The real Achilles heel of the African continent is its fragile political ecosystem. Most of the social tensions, revolts, and civil wars that occurred anywhere on the African continent were always related to political issues more than anything. The Liberian Civil War in the 1990s, the Rwanda genocide of 1994, The Biafra War in the 1970s, The Sudanese Civil Wars (which occurred between 1955-1972, 1983-2005, and 2023); the War in Somalia in the 1980s,1990s, and 2020s; the Angolan Civil War, the post-electoral crisis of 2010-2011 in Côte d’Ivoire…etc. are all prime examples of conflicts based on political reasons. The quest and lust for political power is what caused Africa’s socioeconomic backwardness and lack of stability. And today, Senegal, which is known to be one of the most stable countries in Africa, is now falling prey to the scourge of political conflict.

Indeed, days of violent clashes erupted last week between security forces and supporters of Ousmane Sonko, the 2024 presidential candidate and leader of the opposition PASTEF party, sentenced in absentia on Thursday to two years in prison for “corrupting the youth.” At least 16 people had reportedly been killed and hundreds of others injured, while police had arrested around 500 people across several cities. The unrest is the worst seen for decades in a country often held up as a beacon for democracy and stability in the region.

The criminal conviction of Ousmane Sonko, a populist opposition leader in Senegal has triggered widespread unrest that threatens the West African country’s long-established political stability. Sonko has staunchly maintained that the multiple criminal cases brought against him in recent years are politically motivated and part of an effort by President Macky Sall’s government to derail his 2024 candidacy. The conviction could bar him from running. He was first indicted on rape charges in March 2021 and faces separate defamation charges.

The underlying roots of the unrest are both political and socioeconomic according to analysts at African specialist intelligence company Pangea-Risk. Certainly, consumer price inflation has slowed since 2022, but hovers at around 9%, and with food prices up more than 11% year-over-year.

The real problem here is that Senegal is being infected with the political power syndrome. Indeed, the real conundrum in Africa is that Africans tend to place too much emphasis on political power. Africans tend to see political power as the ultimate instrument to organize society and the solution to improve the lives of people. This is unfortunately a myth. Nelson Mandela acquired political power, but the living conditions of Black South Africans did not improve. The same for Barack Obama in the United States. The living conditions of Black Americans did not suddenly improve because Barack Obama acquired political power. On the contrary, it more or less remained the same. The wealth gap continued to persist.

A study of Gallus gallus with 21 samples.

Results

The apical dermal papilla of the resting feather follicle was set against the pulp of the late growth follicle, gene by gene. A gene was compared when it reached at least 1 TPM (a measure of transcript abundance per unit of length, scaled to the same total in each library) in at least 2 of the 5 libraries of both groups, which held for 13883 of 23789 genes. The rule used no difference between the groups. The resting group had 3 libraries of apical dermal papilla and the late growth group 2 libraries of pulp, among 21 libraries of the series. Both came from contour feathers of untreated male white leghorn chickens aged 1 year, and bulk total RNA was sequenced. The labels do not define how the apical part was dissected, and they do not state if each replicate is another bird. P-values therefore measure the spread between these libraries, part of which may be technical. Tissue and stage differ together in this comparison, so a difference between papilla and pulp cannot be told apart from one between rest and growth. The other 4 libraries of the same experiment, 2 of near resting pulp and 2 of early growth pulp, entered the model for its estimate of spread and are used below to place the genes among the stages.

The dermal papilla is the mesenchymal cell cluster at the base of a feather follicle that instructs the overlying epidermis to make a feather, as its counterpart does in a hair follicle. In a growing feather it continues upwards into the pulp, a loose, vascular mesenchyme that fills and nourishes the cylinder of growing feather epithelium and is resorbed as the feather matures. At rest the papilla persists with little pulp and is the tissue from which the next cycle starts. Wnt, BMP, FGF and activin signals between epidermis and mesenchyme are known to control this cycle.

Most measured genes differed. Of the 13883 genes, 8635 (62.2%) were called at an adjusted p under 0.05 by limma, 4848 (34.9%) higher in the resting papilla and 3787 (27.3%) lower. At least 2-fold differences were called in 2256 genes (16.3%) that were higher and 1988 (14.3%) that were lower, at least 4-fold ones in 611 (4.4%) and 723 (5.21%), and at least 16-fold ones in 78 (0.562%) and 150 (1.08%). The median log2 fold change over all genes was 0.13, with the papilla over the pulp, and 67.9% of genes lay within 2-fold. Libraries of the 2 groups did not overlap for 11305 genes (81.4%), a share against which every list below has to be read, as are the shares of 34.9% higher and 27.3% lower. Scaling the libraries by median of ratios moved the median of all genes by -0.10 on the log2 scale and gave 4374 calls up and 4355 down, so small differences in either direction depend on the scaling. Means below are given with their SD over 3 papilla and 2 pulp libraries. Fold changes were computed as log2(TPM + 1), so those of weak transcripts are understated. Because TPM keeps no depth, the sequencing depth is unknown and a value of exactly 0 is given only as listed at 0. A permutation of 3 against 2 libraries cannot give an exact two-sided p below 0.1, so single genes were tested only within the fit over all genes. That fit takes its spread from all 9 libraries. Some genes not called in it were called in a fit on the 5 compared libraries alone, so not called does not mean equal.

The reason why believing that political power is the way to improve society is because political power in itself focuses on restrictions and interdictions. It focuses on what people cannot do. Political power only benefits the persons who wield it because it has a punitive function. Political power does not create opportunities and does not add value to people’s lives. On the contrary, it focuses on depriving and of what they have and punishing people for how they behave.

If we take the Liberian Civil War, for example, which was nothing more than a struggle for political power, we clearly see that the livelihood of Liberians did not improve at all; it worsened. Samuel K. Doe was assassinated by the rebels of Prince Johnson and Charles Taylor for being a dictator. This assassination led to the Liberian Civil War. After Charles Taylor won the war and acquired political power, nothing changed for the better. Taylor came to power and imposed another dictatorship. The only people who benefit were those who wielded political power; the cabinet members of the Taylor government. The rest of the population was more impoverished than it already was.

What improves people’s lives is economic power. Indeed, economic power focuses on creating opportunities for people to improve their lives since economic power is permissible. It focuses on what people could do. Society as a whole improves when ordinary people are permitted to wield economic power, this means creating things that bring economic value.

The Senegalese people shall not get distracted by political matters. They shall remain focused on acquiring economic power and wield that economic power to continue the betterment of ordinary people. Until Africans finally understand that prioritizing political power is not the solution to reduce poverty, political instability, social conflicts, and wars will be their lots, and poverty will continue to thrive while those who wield political power enrich themselves at the expense of ordinary people.

Rated 5 out of 5 stars.

Many people believe in this and even the Irish in the U.S.A believed the same but once they decided to step away from politics and gain economical power, that's when the, "luck of the Irish," really kicked in. The Chinese are another example. They old little political power in the United States, yet they live well due to their concentration on economical power.


It is as though we can establish political dynamics to be a virus, and as we observe a culture regress into assuming that political power equates to better and progressive outcomes, well nothing good comes if it, and history proves it. The unintended consequences of ignorance.